Fishing For Support For Spring Rockfish


December 23, 1990|By CAPT. BOB SPORE

I had a little conversation last week at the Maryland Watermen's Association Christmas party that kind of sums up what next year might look like. It went something like this: "Bob, we really need the May rockfish, especially if we have another bluefish season like the last two."

"George, if the biologists were running things, there would be no problem. Right now the rockfish issue is tied up in politics and everyone is afraid of bringing this controversial issue to the governor. They're afraid they might get their head chopped off or, at a minimum, lose their job."

George is George Prenant, president of the Maryland Charter Boat Association. He sails out of Deale, one of the largest fishing centers on the Chesapeake Bay.

The holiday social is an interesting get-together that places many strange bedfellows within speaking distance of each other. It is not unusual to see a politico in a corner talking with an oysterman or a state bureaucrat and a lobbyist chatting over the smoked bluefish. They even invite a few charter boat captains like George and myself.

The MCBA has been pushing hard for a spring striped bass season targeted at the migrating stocks that have already spawned and are on their way back to the ocean. It would give anglers their only opportunity to catch big rockfish and also get anglers on the charter boats early in the year. The spring fishery on migrating stocks would have no impact on the fall fishery of premigratory striped bass.

Charter captains have learned if they can get the folks on board early in the year and show them a good time it is possible to book them once or twice more before the season is over.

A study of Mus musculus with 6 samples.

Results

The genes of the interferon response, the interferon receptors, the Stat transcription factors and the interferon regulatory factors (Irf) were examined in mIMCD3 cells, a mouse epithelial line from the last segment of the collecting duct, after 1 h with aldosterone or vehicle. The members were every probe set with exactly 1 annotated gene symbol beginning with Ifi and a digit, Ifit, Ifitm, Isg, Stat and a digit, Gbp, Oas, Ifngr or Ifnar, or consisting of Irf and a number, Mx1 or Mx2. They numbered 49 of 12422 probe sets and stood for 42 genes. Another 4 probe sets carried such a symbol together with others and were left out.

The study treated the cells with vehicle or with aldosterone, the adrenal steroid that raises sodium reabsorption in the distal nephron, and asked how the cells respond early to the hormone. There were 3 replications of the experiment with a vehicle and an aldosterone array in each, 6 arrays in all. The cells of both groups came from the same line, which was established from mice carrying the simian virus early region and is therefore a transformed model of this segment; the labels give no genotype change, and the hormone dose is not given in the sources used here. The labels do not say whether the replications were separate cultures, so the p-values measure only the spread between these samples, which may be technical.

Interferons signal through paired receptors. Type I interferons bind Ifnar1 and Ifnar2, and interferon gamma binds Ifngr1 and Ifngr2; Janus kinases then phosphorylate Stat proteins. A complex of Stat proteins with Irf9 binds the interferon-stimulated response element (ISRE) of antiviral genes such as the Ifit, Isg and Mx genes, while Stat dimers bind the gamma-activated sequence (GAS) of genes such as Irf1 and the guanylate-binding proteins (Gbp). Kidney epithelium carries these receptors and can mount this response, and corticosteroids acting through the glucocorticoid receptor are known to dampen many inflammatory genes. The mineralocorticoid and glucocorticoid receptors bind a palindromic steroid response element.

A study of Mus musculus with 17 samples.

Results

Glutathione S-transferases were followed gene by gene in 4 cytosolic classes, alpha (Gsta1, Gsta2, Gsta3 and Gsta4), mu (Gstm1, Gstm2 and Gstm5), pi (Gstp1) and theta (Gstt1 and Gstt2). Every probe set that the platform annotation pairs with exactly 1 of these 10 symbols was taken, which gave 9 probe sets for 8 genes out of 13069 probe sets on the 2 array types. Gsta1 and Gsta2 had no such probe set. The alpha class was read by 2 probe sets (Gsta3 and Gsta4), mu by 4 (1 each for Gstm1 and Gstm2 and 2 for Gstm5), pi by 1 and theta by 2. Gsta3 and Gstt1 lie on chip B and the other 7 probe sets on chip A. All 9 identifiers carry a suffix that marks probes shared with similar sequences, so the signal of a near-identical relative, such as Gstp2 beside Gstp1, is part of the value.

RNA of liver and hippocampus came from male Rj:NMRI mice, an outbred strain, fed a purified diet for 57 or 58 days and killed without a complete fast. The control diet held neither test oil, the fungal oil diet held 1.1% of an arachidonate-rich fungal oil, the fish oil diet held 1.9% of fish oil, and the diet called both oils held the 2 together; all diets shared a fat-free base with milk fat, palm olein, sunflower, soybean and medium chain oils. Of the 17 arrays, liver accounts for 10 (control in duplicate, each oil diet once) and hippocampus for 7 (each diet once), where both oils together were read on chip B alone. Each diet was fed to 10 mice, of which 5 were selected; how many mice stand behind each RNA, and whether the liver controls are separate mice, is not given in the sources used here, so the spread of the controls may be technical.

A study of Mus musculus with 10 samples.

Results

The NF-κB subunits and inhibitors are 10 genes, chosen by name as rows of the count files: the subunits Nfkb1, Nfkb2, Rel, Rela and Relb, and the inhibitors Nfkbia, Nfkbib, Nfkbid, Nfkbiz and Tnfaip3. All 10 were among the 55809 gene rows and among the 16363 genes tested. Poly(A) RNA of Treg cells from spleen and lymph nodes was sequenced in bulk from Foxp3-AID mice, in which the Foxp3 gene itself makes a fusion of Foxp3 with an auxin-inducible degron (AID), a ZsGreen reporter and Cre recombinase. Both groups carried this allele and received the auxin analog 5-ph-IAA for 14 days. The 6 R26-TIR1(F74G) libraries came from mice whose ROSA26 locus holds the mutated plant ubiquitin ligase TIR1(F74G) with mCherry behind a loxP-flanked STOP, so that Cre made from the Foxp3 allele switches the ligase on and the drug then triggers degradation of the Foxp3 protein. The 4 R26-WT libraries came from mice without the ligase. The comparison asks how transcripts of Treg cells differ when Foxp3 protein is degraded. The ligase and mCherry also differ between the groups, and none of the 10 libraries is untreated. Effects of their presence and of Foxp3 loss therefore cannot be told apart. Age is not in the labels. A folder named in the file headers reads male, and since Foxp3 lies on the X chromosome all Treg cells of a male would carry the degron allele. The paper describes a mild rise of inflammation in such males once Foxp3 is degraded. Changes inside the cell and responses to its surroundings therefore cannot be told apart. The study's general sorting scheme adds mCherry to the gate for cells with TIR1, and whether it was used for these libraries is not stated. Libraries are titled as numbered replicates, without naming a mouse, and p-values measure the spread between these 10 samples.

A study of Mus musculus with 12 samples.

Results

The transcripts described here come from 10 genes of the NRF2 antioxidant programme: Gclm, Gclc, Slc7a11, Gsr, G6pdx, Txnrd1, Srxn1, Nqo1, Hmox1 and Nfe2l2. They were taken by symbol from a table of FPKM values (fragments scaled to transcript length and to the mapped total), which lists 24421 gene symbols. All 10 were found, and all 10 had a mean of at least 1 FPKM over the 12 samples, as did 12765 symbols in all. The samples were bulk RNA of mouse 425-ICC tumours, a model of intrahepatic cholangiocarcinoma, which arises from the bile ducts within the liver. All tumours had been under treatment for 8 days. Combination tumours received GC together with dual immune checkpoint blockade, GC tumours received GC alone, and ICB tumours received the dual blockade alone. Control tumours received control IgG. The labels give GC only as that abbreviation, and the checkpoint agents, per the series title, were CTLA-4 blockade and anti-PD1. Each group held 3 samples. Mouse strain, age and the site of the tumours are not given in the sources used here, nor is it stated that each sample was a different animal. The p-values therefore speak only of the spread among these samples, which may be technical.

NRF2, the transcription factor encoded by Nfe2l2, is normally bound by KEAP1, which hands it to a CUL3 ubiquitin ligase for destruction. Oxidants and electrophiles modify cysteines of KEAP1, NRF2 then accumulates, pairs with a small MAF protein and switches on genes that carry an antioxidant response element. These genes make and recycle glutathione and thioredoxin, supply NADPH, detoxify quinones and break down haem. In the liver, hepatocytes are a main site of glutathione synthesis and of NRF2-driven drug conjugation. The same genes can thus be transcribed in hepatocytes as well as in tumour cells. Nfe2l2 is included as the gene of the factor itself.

Without a charter early in the year, you sometimes don't get the party at all; they may decide to go to the ocean or do something else. The possibility of a trophy rockfish is an excellent draw to get the anglers on board early.

On the opposite side of the issue is Maryland Saltwater Sportfishermen's Association management and some conservationists who believe striped bass stocks have not recovered sufficiently to warrant a fishery.

Caught in the middle are the biologists and fishery managers, who generally agree that there is no reason why Maryland anglers should not harvest their share of the migrating stocks. I have talked to one senior biologist who says he holds a minority view. He does not support the spring season, not because the stocks could not support the fishery. He feels that for the sake of conservation, Maryland anglers should wait a year or two before catching the big fish.

To get a better handle on migrating stocks and pre-migration stocks, consider that striped bass spawned in the Chesapeake Bay spend two to five years here before the majority of them join the migrating stocks that swim along the coast from New England to the Carolinas. In March a portion of these fish return to the Chesapeake Bay to spawn. Spawning activity takes place from April to late May in major tributaries throughout the estuary and in the upper bay. The spawned-out fish return to the ocean in May and June.

A spring season would be targeted toward the fish that have already spawned and are on their way back to the ocean. Biologists say few rockfish about to spawn feed or would take a lure. The minimum size would probably be 28 inches and the creel limit would probably be so many per boat rather than so many per angler. That would mean a creel of less than one big fish per angler.

The fall season is targeted toward pre-migration stocks, or fish that have not yet joined the coastal stocks. Minimum size is 18 inches. A high percentage of the Chesapeake Bay striped bass migrate to the ocean when they are 16 to 18 inches long. Consequently, many fish join the coastal migration stocks before they are fished on.

The commercial fishermen have gone on record saying that their share of any spring fishery should go to the recreational and charter boat anglers.

The rockfish continues to be a complicated and emotional issue. As I told George: "You may lose by default. If the governor doesn't make a decision on a spring fishery in the next few weeks, there may not be enough time to get the regulation through the red tape unless they make it an emergency regulation."

I suggested that George and a group of Deale captains get together to send the governor a letter expressing their views. The spring season is in his hands.

Bob Spore is a Coast Guard-licensed charter boat captain from Pasadena.

His Outdoors column appears every Friday and Sunday in the Anne Arundel County Sun.